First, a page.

Bell has released a statement extolling the virtues of its AH-1Z ‘Viper’ helicopter to replace the Tiger ARH in Australian Army service.
Although the company has not directly confirmed to ADBR that it has responded to the LAND 4503 armed reconnaissance helicopter replacement RFI which closed on August 30, the company has provided a statement which lists capability and performance attributes which neatly align with those of the RFI.
“The combat proven Bell AH-1Z Viper is the only marinised attack helicopter in the world that is specifically designed and built for expeditionary and maritime operations,” a company statement reads. “Marinisation is more than just corrosion protection against saltwater. Unlike unproven and costly add-ons, Bell’s marinisation begins at aircraft design and is built into the aircraft at point of manufacture to insure conformity to shipboard operations.”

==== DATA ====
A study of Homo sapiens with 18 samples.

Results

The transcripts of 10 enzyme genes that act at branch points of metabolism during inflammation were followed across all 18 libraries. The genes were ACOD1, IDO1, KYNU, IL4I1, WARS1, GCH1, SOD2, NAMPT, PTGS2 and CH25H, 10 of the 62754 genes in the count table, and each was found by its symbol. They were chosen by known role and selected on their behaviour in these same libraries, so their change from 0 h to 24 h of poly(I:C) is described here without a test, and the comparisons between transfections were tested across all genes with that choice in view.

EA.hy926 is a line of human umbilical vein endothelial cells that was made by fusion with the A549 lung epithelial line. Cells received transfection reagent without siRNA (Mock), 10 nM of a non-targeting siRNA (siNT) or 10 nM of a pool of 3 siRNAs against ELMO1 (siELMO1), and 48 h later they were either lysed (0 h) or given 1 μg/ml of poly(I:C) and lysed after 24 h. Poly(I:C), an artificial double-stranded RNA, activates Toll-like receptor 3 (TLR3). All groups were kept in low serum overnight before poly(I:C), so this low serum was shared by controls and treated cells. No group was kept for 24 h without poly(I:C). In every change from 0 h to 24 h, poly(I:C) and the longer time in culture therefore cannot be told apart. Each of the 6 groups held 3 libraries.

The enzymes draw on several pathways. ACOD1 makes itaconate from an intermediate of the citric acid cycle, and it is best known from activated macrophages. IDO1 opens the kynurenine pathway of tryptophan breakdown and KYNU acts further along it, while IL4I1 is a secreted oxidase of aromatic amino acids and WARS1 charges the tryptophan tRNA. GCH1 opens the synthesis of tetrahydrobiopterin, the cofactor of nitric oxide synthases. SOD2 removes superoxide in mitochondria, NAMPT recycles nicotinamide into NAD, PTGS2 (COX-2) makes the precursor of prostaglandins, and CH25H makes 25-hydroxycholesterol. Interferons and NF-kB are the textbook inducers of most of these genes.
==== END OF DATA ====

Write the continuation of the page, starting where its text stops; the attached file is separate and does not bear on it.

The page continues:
The company says the marinisation process also includes the AH-1Z’s composite rotor blades and yoke style main rotor hubs which it says “significantly outperform legacy ‘strap-pack’ type systems which are prone to corrosion and failure”.
The AH-1Z, “also includes semi-automatic blade folding for quick stowage either on board ship or for rapid C-17 deployment, rotor brakes, ease of maintenance, electromagnetic environmental effects (E3) hardening which provides safety against the ship’s powerful radars and other sensors from interfering with aircraft onboard weapons and systems.”
The company also points out the Viper’s commonality with those helicopters operated by the US Marine Corps, some of which are based in Australia on regular rotations to the Northern Territory, and which are permanently deployed to the wider region.
Bell’s statement effectively confirms the LAND 4503 project will be a race between three contenders – the AH-1Z, Boeing’s AH-64E Guardian Apache, and a significantly upgraded Tiger ARH offered by Airbus Helicopters.